People use eye contact in a variety of ways every minute of every day but how often do you find yourself staring into space with concentrating on an issue or problem? Psychologists now know that people who are carrying out a complex task tend to look away from anyone else who is nearby. They refer to it as 'gaze aversion'.
Now they are finding out how to use changes in a child's gaze aversion to understand their educational progress. A group led by Dr Gwyneth Doherty-Sneddon at the University of Stirling, and funded by Economic and Social Research Council, has looked at gaze aversion in both children and adults.
They found that children aged 4-6 are more likely to avert their gaze when they are carrying out a task that they find difficult, or new to them. They also avert their gaze less if they are being tested by someone they know.
When observing 5-8 year-olds, the researchers found that gaze aversion is related to the complexity of the task being undertaken, rather than to other stimuli. The results were consistent for a variety of settings and for a range of tasks, such as balancing a beam with asymmetrical loads.
Dr Doherty-Sneddon said: "These results are important because they show that children avert their gaze when they are trying to carry out a task which is difficult or with which they are not yet familiar. In our most recent work we have investigated whether gaze aversion is associated with transitional knowledge states. That means that gaze aversion is a useful thing for teachers, carers and parents to know about."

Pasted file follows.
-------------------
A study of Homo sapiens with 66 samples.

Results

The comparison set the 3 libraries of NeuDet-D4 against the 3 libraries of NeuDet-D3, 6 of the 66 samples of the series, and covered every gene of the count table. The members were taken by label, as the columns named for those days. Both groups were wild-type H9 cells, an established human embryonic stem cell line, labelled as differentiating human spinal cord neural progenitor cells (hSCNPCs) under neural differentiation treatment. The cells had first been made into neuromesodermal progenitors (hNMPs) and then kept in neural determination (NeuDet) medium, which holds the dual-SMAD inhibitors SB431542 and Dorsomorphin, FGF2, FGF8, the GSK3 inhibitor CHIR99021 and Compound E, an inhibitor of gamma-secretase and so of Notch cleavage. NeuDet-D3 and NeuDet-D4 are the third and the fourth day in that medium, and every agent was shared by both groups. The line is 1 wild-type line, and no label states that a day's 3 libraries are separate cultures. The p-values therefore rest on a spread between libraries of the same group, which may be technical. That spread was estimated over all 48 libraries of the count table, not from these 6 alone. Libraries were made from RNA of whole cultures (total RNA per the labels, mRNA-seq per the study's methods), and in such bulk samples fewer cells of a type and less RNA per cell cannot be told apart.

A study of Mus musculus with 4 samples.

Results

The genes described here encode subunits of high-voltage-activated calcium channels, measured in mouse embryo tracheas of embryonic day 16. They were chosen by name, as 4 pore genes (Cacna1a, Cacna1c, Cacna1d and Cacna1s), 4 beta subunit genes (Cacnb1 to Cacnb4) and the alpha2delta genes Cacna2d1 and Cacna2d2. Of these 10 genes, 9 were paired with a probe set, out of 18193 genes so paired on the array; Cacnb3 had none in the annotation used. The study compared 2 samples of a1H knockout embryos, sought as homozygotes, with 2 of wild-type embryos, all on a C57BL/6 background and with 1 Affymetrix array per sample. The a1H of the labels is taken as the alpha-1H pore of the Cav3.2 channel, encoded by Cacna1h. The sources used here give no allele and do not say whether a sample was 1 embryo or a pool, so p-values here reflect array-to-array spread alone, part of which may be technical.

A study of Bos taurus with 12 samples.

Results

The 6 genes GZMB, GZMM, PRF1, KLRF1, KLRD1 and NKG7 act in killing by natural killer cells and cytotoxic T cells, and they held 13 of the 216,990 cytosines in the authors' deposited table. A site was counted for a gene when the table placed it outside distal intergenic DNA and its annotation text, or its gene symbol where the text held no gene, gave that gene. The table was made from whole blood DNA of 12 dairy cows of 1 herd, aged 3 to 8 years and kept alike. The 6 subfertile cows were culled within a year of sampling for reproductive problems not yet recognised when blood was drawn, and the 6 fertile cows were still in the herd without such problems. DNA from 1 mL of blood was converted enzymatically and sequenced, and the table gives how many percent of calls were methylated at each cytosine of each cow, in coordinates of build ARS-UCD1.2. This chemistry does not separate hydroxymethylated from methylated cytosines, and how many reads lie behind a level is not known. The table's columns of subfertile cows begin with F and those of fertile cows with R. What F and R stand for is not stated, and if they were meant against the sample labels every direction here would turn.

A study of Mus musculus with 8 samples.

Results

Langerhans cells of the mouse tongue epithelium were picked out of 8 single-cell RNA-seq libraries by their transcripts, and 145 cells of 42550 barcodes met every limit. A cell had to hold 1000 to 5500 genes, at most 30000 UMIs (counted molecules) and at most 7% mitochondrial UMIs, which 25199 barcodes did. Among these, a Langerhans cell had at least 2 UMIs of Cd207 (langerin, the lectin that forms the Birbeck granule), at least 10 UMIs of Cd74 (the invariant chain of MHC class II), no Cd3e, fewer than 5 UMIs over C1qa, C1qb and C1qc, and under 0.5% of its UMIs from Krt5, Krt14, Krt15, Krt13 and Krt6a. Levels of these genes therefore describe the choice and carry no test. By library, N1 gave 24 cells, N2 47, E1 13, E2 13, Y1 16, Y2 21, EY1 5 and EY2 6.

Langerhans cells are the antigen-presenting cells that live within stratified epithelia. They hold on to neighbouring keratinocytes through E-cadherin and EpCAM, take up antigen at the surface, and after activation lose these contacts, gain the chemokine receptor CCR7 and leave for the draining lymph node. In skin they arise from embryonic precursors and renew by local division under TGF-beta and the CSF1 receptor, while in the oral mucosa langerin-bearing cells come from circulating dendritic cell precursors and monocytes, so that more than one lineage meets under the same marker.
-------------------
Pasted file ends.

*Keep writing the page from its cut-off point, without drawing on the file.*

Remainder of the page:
She says that, from the point of view of the teacher, gaze aversion is a positive sign. A child who is doing it is likely to be developing their understanding and is what Dr Doherty-Sneddon terms an "improver". By contrast, children who are not improving their performance, or who are regressing, use gaze aversion less often.
Keeping an eye on gaze aversion is especially valuable for teachers and social workers who are trying to understand the mental state of people with: Autistic spectrum disorders (ASD); Attention Deficit Hyperactivity Disorder (ADHD); or Williams Syndrome, the genetic condition popularly called Cocktail Party Syndrome. "People with Williams Syndrome have been characterised as being hypersociable and using excessive amounts of eye contact, which is an interesting contrast to people with autism. Our gaze aversion work promises to provide new and important insights into the mental and social functioning of such groups" says Dr Doherty-Sneddon.